What HB 2004B does, as amended

This session’s key tenant protections bill, HB 2004B, passed out of the Senate Committee on Human Services on May 31 with additional amendments to the version that passed out of the House. The bill is awaiting a vote in the Senate. In its current form, it provides important protections against no-cause evictions. The section of the bill repealing the ban on rent stabilization has been removed. Below is a summary of the bill in its current form.

Rent increases

A landlord can only increase the rent once a year.

Limits on no-cause evictions

Landlords may evict a tenant in a month-to-month tenancy for no cause during the first 9 months of occupancy with 30 days’ notice. After nine months, landlords can only use a for cause eviction, either because the tenant has done something wrong, or because they use one of the landlord causes below.

A landlord may not issue a no-cause eviction within 60 days of a tenant’s request for repairs that is necessary to correct an uninhabitable condition or code violation.

After the first nine months of occupancy, a landlord can only evict a tenant for cause. There are two kinds of causes:

  • Tenant fault causes. There are no changes to the existing tenant fault causes in statute. These include things like not paying the rent or violating the lease.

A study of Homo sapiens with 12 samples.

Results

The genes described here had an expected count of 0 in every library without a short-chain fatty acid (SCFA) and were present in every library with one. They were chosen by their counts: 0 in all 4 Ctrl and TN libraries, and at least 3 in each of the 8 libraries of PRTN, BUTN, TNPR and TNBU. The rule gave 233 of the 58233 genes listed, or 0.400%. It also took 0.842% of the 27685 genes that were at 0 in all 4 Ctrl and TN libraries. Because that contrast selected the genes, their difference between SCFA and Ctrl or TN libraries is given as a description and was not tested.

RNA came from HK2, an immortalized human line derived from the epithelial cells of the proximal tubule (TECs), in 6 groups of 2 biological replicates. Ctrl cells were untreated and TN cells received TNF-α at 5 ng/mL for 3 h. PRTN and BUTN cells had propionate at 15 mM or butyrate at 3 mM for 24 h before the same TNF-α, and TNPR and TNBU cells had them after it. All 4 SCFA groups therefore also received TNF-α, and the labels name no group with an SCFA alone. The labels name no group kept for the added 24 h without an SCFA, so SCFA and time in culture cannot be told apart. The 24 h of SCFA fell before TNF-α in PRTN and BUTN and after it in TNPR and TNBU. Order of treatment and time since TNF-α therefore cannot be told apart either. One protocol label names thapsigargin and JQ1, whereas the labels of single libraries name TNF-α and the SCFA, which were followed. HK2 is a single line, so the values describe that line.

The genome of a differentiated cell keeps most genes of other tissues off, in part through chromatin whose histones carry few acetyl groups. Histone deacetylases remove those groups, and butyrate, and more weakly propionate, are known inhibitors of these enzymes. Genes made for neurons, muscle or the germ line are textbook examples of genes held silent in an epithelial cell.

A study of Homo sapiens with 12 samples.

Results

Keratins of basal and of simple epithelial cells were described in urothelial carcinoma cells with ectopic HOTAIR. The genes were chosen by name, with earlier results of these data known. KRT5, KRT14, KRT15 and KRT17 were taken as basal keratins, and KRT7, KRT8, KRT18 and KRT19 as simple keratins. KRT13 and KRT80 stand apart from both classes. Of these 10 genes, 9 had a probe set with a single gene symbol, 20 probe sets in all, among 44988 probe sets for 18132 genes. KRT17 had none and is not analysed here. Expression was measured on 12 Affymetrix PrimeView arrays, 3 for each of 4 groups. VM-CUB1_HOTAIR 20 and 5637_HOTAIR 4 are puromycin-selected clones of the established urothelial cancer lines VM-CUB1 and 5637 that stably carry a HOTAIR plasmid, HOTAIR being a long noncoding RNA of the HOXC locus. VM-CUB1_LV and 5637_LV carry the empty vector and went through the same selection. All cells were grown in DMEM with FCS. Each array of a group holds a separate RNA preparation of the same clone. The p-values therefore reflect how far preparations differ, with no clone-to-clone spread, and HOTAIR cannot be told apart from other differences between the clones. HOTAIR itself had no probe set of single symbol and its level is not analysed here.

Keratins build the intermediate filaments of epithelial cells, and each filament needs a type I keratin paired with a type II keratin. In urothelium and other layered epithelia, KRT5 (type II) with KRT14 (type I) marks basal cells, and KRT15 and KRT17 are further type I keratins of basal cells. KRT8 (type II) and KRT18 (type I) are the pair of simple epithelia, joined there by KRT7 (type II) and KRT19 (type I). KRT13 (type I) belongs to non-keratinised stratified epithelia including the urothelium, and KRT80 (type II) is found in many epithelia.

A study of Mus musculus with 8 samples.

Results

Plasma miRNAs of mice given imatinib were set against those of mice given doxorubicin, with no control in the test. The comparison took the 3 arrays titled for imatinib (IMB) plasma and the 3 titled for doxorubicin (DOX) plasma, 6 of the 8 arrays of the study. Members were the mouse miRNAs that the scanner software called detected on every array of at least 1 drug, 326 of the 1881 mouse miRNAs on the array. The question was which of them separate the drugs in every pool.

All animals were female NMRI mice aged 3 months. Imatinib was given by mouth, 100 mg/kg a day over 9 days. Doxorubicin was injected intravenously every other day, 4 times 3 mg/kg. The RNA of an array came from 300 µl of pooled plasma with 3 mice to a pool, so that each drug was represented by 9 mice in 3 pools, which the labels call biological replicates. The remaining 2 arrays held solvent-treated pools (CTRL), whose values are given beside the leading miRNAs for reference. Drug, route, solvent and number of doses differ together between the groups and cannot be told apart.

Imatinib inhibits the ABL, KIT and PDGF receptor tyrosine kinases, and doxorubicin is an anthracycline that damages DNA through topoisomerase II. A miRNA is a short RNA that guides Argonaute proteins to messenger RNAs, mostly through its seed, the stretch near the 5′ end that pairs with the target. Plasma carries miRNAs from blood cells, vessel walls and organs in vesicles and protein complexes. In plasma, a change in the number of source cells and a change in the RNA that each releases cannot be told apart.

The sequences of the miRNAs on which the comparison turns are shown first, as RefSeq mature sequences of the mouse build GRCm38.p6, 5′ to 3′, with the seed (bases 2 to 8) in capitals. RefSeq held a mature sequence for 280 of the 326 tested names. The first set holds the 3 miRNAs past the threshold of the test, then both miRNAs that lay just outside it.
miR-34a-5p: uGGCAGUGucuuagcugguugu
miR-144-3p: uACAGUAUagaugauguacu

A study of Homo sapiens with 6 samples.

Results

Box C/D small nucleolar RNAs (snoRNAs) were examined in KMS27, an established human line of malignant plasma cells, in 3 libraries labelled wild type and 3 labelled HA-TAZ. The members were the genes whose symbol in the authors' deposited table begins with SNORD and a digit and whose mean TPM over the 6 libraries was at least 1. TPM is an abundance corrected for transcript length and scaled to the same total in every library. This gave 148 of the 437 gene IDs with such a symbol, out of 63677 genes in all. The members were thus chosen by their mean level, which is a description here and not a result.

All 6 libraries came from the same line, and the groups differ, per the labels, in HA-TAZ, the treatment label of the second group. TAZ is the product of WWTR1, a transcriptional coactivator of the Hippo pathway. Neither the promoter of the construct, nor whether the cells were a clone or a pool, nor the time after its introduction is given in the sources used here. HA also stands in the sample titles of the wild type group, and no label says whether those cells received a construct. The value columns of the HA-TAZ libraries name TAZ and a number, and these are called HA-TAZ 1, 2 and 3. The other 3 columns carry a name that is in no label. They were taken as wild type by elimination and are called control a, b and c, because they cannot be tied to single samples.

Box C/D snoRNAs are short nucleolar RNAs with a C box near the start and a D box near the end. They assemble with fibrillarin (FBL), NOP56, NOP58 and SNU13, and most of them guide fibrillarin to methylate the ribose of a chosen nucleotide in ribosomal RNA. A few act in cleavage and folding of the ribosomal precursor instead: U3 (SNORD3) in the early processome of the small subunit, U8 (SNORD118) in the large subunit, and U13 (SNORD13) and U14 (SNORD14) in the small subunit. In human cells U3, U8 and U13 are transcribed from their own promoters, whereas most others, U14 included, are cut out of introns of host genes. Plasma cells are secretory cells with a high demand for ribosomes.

• Landlord causes. A landlord can evict with 90 days’ notice if:
    • The landlord or a family member intends to live in the unit, or the landlord has sold the unit to someone who intends to live in it.
    • The landlord is undertaking repairs or renovations and the unit will be uninhabitable. The landlord must offer the tenant a chance to move back in when the work is completed.
    • The landlord has listed the property for sale. (If the landlord notifies the tenant of the listing within 14 days, the landlord may evict the tenant with 30 days’ notice.)
    • The landlord intends to change the use of the unit to a non-residential use or to demolish it.

Relocation assistance

Landlords with five or more units must pay the tenant one month’s rent as relocation expenses when evicting a tenant for a landlord cause. Landlords never pay relocation assistance when evicting the tenant for a tenant fault reason.


If the landlord lives on the same property as the tenant, and there are two or fewer units on the property (i.e., a duplex, an ADU, or a roommate), the landlord can continue to use no-cause evictions at any time during the tenancy.

Changes to fixed term tenancies

The current version of HB 2004B also makes changes to fixed term tenancies (often referred to as a “fixed term lease”). A fixed term tenancy must be for at least six months, unless the tenant requests a shorter lease period. Ninety days before the end of the lease, the landlord has to give notice to the tenant on whether they intend to renew, or roll the lease over to a month to month, or to ask the tenant to leave. In this case, the landlord can ask the tenant to leave without a cause as long as they give 90 days notice.